Implementation, training, data entry. We all know these things are essential to getting your CMMS up and running, but just doing the technical work doesn’t always ensure success. Moving to a new CMMS or implementing the first CMMS in your organization provides an opportunity to facilitate a culture shift in the workplace. One thing to consider is how to make that culture shift a positive one.
Maintenance workers may be fearful of a new CMMS. They may be insecure about their technical skills, afraid that ‘management’ simply wants to spy on them or micromanage day-to-day activities. A shift in working environment – even a welcome one – can be unsettling. It is imperative that maintenance managers and supervisors invest in the CMMS culture and not just the software. Here are some things management can do to facilitate success:
1. Provide ample and level-appropriate training.
This may be as basic as a computer skills class or as advanced as one-on-one training for customizing the specific CMMS you have purchased. Don’t assume your workers have the same skills as you or each other; they may need some computer literacy help, basic CMMS functionality training, or they may be candidates for ‘Train the Trainer’ curriculum. Get their feedback on what they feel they need and provide appropriate training at that level.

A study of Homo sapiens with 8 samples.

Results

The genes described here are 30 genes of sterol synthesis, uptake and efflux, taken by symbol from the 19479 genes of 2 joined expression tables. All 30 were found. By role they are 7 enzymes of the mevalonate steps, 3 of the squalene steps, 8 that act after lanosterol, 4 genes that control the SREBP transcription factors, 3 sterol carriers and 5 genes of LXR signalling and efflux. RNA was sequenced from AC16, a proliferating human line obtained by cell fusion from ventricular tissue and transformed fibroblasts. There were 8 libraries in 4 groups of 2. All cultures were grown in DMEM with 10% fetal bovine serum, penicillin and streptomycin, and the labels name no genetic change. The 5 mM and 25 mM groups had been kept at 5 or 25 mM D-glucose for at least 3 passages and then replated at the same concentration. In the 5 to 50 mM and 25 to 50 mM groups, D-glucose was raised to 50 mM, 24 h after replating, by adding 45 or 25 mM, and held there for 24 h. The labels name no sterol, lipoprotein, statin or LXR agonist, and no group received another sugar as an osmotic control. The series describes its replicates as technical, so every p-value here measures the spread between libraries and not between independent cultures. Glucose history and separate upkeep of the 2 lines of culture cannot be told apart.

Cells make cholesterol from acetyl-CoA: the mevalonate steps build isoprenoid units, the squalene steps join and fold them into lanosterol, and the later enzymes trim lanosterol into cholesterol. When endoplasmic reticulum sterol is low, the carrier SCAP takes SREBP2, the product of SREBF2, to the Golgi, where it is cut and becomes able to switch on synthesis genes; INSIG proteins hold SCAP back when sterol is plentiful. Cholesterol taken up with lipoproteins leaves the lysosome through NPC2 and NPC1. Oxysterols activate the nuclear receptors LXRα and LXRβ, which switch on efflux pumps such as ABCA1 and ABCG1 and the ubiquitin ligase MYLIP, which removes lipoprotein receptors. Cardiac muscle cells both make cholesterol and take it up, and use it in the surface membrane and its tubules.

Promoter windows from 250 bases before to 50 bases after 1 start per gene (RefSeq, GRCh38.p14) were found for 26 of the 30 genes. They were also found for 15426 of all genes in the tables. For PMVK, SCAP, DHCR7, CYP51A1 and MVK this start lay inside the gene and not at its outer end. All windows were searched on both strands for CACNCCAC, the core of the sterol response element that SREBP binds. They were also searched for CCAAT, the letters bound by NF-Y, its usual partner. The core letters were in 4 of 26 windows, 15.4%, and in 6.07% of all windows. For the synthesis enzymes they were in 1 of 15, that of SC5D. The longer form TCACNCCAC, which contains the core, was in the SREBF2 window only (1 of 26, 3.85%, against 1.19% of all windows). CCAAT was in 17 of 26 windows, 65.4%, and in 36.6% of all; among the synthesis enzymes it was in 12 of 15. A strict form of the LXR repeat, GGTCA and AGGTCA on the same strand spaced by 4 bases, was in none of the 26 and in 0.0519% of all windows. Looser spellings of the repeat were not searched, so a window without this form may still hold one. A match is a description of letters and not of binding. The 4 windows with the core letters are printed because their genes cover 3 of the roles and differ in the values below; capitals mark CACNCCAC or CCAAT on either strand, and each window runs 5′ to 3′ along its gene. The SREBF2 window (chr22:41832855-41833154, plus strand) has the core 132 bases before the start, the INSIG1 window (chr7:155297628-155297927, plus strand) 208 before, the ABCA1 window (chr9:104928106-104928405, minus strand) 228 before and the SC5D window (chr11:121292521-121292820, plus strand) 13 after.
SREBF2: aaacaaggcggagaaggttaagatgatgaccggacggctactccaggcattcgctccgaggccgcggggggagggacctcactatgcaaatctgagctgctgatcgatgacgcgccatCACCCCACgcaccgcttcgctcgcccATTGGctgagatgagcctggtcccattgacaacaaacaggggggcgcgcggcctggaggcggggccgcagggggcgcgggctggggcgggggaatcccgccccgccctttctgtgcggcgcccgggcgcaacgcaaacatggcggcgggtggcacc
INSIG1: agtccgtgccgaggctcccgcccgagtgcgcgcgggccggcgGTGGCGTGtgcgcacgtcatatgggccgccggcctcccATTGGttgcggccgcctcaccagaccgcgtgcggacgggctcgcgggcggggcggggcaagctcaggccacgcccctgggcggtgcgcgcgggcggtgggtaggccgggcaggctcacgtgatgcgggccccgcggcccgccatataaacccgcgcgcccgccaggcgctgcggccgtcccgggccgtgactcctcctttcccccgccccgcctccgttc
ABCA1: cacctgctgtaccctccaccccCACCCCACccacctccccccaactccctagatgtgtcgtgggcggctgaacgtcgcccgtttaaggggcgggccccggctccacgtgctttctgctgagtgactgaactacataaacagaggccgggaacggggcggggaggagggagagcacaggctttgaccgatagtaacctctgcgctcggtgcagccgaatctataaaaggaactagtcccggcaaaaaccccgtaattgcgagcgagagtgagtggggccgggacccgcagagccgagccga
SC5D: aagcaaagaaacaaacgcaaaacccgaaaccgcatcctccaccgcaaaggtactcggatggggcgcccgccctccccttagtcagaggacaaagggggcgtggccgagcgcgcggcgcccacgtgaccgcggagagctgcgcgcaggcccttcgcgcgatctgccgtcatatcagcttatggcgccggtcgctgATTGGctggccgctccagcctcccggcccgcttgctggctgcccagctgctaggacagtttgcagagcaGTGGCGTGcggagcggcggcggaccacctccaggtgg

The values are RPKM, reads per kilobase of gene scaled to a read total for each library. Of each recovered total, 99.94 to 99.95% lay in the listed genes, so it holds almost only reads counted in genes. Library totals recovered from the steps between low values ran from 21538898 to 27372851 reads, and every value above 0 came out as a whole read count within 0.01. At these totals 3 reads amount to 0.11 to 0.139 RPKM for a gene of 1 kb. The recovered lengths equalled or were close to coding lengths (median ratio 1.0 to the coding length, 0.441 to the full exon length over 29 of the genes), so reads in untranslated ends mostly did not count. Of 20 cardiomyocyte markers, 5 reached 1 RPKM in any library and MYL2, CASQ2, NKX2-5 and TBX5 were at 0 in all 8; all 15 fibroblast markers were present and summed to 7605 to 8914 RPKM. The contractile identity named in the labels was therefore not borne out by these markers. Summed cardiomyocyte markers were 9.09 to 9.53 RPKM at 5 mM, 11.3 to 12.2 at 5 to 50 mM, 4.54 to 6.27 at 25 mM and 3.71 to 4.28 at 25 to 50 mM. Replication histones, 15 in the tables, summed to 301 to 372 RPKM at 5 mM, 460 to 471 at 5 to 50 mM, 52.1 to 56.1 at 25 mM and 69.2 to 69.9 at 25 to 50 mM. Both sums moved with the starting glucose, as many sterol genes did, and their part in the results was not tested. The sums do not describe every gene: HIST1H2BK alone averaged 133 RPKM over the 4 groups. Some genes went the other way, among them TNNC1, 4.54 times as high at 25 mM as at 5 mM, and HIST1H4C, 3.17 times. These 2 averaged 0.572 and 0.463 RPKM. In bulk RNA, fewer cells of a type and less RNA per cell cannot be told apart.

2. Give them an idea of how you will use the information gained from the CMMS reporting.
Let them see high-level reports on a regular basis and give solid examples of how management can pinpoint problems and find solutions. Workers need to be reassured that this tool will be used to help them do their job better. They need to know management is trusting them with an important job, not searching the archives for their every mistake or attempting to replace them with a computer. The workers make the CMMS happen and they need to embrace it and utilize it for the improvement of the facility’s maintenance and their effectiveness.
3. Put your money where your mouth is.
Managers and supervisors should focus on using the tools to improve the maintenance of your facility and to optimize the tools provided for the technicians. Specifically, management needs to focus on high-level data rather than singular details. If a particular worker has a problem with productivity or errors, use the labor and work data to help them improve. Perhaps they are being assigned jobs outside their skill set. Maybe they need more training or certifications in a specific area or don’t have access to the tools they need to get the job done. If workers begin to see how the CMMS is a benefit to them, they will be more likely to use it to its fullest extent.
With proper use, the CMMS benefits can come full-circle, and getting buy-in from all levels of staff is an essential cultural key in the success of any CMMS project.